Bank of America (BAC) executives said Fannie Mae will either have to file litigation or agree to a settlement to resolve the dispute over mortgage repurchase claims.

The bank and the government-sponsored enterprise disagree over $7.9 billion in mortgages Fannie claims BofA should buy back because of faulty origination practices, up from $3.7 billion at the end of last year. The bank said it should not have to buy back the loans because borrowers made at least 25 monthly payments on them.

The claims stem from mortgages originated in 2006 and 2007, BofA Chief Financial Officer Bruce Thompson told investors Wednesday.

“We clearly have a disagreement,” Thompson said. “Either they bring an action or there would be a settlement. Those would be the two ways this would get resolved.”

Reserves for total repurchases increased slightly to $15.9 billion.

Total outstanding claims increased roughly 41% to $22.7 billion in unpaid principal balance.

Repurchase claims from both Fannie and Freddie Mac increased to nearly $11 billion from $8.1 billion three months before. Possible repurchase losses from the government-sponsored enterprises alone could reach $5 billion.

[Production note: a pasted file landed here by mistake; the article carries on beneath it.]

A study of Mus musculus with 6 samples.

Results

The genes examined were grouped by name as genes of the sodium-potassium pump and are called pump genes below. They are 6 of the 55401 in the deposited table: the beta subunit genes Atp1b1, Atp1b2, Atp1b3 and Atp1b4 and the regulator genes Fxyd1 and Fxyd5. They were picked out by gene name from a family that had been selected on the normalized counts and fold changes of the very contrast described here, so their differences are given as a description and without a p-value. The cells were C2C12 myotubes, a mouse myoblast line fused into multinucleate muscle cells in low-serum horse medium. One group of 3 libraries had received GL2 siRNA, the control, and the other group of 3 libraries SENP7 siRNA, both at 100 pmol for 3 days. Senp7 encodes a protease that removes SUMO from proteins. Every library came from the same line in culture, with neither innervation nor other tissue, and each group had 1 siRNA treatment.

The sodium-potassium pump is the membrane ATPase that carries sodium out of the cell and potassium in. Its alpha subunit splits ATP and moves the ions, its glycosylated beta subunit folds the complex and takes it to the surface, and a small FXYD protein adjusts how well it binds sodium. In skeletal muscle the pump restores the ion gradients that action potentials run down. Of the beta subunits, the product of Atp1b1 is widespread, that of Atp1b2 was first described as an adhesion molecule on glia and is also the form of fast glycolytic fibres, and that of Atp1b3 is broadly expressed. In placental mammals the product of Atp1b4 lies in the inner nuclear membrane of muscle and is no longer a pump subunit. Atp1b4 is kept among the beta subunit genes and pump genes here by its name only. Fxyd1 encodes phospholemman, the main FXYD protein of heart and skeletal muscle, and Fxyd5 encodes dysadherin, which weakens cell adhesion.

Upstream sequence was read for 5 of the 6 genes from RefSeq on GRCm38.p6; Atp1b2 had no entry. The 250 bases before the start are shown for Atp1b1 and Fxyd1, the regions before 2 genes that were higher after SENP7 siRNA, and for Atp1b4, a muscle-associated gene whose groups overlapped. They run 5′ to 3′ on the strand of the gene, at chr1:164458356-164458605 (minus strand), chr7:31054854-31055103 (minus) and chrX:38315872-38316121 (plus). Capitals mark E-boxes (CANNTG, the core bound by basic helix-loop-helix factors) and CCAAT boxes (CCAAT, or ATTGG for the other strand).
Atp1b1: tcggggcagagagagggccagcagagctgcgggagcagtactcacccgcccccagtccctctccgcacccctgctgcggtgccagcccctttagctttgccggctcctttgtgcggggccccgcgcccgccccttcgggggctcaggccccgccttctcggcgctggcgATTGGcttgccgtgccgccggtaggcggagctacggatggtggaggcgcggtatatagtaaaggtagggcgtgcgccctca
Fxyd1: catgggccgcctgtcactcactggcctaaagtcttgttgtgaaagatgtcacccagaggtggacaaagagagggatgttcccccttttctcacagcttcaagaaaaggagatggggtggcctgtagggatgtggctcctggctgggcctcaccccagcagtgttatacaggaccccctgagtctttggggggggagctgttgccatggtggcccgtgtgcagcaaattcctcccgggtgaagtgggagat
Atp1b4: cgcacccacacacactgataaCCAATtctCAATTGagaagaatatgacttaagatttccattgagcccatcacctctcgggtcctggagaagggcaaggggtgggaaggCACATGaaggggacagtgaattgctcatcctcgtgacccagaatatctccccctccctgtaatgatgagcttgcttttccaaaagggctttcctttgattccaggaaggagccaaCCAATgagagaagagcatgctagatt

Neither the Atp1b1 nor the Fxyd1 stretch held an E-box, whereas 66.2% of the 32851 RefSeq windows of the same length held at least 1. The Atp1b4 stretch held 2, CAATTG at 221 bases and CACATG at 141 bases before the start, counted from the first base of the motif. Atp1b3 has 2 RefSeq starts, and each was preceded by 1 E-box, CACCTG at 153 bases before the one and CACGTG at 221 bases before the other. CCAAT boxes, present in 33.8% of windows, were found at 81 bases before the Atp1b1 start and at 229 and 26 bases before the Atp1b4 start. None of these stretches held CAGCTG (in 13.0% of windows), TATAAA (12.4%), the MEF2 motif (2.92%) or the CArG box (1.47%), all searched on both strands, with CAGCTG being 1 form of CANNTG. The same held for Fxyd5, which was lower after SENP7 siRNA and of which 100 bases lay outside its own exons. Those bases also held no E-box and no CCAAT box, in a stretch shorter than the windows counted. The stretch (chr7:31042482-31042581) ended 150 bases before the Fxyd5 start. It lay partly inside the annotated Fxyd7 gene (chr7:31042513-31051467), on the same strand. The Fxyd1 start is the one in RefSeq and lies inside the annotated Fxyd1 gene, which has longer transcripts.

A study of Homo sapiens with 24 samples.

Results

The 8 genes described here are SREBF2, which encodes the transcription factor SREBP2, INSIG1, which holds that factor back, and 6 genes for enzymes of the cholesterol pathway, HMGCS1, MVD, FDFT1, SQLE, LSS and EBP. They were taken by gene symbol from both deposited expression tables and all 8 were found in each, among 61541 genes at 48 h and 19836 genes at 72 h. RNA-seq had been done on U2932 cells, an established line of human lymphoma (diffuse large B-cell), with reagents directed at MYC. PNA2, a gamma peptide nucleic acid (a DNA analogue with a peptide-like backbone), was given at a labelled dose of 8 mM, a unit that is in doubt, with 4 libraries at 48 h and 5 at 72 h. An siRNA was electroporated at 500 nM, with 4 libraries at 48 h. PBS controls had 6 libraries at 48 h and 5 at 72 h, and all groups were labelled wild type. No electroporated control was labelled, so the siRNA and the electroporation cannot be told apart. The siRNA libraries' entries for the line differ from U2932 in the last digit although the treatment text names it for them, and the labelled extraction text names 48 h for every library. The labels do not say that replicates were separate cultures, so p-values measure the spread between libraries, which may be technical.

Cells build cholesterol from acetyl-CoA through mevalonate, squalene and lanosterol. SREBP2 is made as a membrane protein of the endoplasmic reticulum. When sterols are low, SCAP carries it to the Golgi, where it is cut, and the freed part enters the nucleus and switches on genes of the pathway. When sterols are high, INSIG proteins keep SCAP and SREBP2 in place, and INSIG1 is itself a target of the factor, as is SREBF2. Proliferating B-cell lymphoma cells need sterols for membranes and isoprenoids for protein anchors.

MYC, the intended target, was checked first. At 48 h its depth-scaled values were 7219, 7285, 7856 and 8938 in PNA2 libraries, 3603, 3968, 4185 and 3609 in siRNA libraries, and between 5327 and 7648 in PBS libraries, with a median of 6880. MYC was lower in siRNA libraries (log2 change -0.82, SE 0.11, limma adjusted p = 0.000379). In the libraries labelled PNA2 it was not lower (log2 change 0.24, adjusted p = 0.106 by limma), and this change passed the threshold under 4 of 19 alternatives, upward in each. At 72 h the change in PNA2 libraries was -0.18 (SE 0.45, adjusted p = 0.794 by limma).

A settlement struck with Syncora Guarantee announced this week reduced repurchase claims from monoline insurers by 20% from the $3.1 billion reported in BofA’s second quarter filing.

But claims from private-label mortgage bond investors nearly doubled to $8.6 billion as of May 31.

“We expect these claims to continue to grow as the process for ultimate resolution continues to evolve and remains unclear,” Thompson said.

The bank does expect to reduce its inventory of delinquent mortgages it services by 300,000 over the next 12 months.

BofA services more than 1 million home loans at least 60 days delinquent. It reduced that inventory by 214,000 since one year ago and expected more than a 27,000-loan decline in the second quarter were it not for the $25 billion foreclosure settlement with the Justice Department and the 49 state attorneys general.

Executives said it would transfer servicing for 15,000 delinquent loans in July.

“The reduction in the second quarter was lower than we would have expected as a result of DOJ, AG settlement, because of holds on loans we were attempting to modify,” Thompson said.

Progress on its past mortgage problems, much of it inherited from the Countrywide acquisition, cost the bank $2.6 billion in the second quarter.